The expected change to CONCACAF’s World Cup qualifying format could be bad news for the U.S. men’s national team.

During an interview last week on the Fox Sports show “Indoor Soccer,” CONCACAF president and FIFA VP Victor Montagliani once again suggested that the “Hexagonal” — the six-team round-robin that has served as the region’s qualifying scheme since the 1990s — will be replaced by a different one whenever international soccer returns amid the global coronavirus pandemic.

The plan most likely to be adopted involves 12 nations split into three four-team groups, multiple sources confirmed to Yahoo Sports. If it happens, the USMNT’s road to the 2022 World Cup in Qatar would become a whole lot bumpier.

If anyone forgot, the Americans failed to qualify for Russia 2018. After topping CONCACAF for three consecutive cycles, an aging U.S. side lost to Trinidad and Tobago on the final day of the most recent Hex, finishing fifth and missing out on a World Cup for the first time in more than three decades.

Christian Pulisic and the United States could face a more challenging path to the 2022 World Cup if CONCACAF changes its qualifying format. (Robin Alam/Getty Images)

Now, Gregg Berhalter’s young and inexperienced U.S. squad — which has played just two matches on foreign soil since Berhalter was hired as coach 18 months ago — faces the prospect of having even less margin for error in its effort to return the program to the biggest stage in sports.

In the three-group format, only the group winners would automatically punch their tickets to Qatar. Based on the current FIFA rankings — which would have determined the six participants in the Hex — the U.S. would be one of the three seeds, along with Mexico and Costa Rica. While the Americans wouldn’t have to face fellow regional powers (more on that later), the new system would resemble CONCACAF’s old semifinal round, which was scrapped this cycle in favor of the inaugural Nations League. Anyone who knows their history understands that the semifinal round was, in most cases, more difficult to navigate than the Hex.

With just six games to play instead of 10, one bad result can be fatal. The U.S. had close shaves in the semis on several occasions over the last 20 years. In a must-win game in Kansas City in 2012, the tension was palpable when Jurgen Klinsmann’s side fell behind on an early goal by Guatemala’s Carlos Ruiz before rallying for a 3-1 win. Four years later, they faced another must-win against Los Chapines after an upset in Guatemala City.

Disaster was even closer in 2000 in Barbados. That time, the Bruce Arena-led U.S. was just 27 minutes away from being eliminated from the 2002 World Cup by the tiny island nation when Clint Mathis broke a scoreless deadlock and the floodgates opened en route to a 4-0 win. Arena’s team would go on to reach the quarterfinals in South Korea/Japan, the Americans’ best showing since 1930.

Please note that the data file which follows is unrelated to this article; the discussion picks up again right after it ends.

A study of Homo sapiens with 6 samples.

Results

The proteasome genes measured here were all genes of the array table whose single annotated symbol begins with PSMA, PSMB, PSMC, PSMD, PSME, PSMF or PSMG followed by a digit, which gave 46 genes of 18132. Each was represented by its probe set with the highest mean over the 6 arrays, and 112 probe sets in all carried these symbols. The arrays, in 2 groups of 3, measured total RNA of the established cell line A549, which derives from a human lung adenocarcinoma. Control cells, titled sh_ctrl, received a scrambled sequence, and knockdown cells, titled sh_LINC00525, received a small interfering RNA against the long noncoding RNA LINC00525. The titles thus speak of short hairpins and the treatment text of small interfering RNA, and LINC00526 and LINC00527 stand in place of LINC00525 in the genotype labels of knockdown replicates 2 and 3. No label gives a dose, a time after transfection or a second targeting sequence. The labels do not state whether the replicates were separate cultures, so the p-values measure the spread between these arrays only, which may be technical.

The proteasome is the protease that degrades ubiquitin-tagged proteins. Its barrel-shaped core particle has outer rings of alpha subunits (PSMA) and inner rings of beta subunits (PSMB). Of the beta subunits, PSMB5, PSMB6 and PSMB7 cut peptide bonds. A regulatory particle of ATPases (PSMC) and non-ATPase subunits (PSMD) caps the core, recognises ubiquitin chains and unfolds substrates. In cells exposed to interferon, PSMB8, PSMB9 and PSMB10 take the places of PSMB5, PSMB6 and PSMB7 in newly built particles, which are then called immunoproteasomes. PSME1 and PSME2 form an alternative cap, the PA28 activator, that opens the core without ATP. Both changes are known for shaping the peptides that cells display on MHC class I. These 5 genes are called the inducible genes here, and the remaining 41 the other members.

If CONCACAF goes with three groups, there would presumably be a lifeline for the best second-place finisher. CONCACAF is allocated 3.5 spots for 2022; the region’s No. 4 team will participate in an intercontinental playoff to determine who gets to go to the main event.

CONCACAF president Victor Montagliani. (Omar Vega/Getty Images)

There wouldn’t be much wiggle room, though. The seeded team that draws dangerous Honduras would be especially unlucky; Los Catrachos topped a semifinal group over Mexico in 2008 and reached the World Cup in both 2010 and ’14. And as that devastating U.S. loss in Trinidad in 2017 showed, strange things happen on the road in CONCACAF.

As promising as Berhalter’s new core of youngsters is, only Christian Pulisic has played in a World Cup qualifier before. Other surefire starters like Tyler Adams, Sergino Dest, Weston McKennie and Zack Steffen haven’t. Grueling travel, terrible fields, energy-sapping heat and humidity and unrelenting pressure await them.

Even if the Americans successfully navigate those challenges, this new format would rob them of the contests that most resemble the sort of competition they’d face at the World Cup. There would be no trip to Mexico City’s iconic Azteca Stadium or to San Jose, Costa Rica, where the U.S. hasn’t managed so much as a tie since 1992. Win or lose, those experiences make young players better.

Montagliani stressed that nothing has been finalized yet. “Everything is on the table,” he said, including potentially hosting a qualifying tournament at a single location if the heath crisis necessitates it.

Still, the status quo sure doesn’t sound likely to survive COVID-19, no matter the impact on the USMNT.

“I think it’s a format that has some flaws to it,” Montagliani said of the Hex. “If we need to change, then we will.”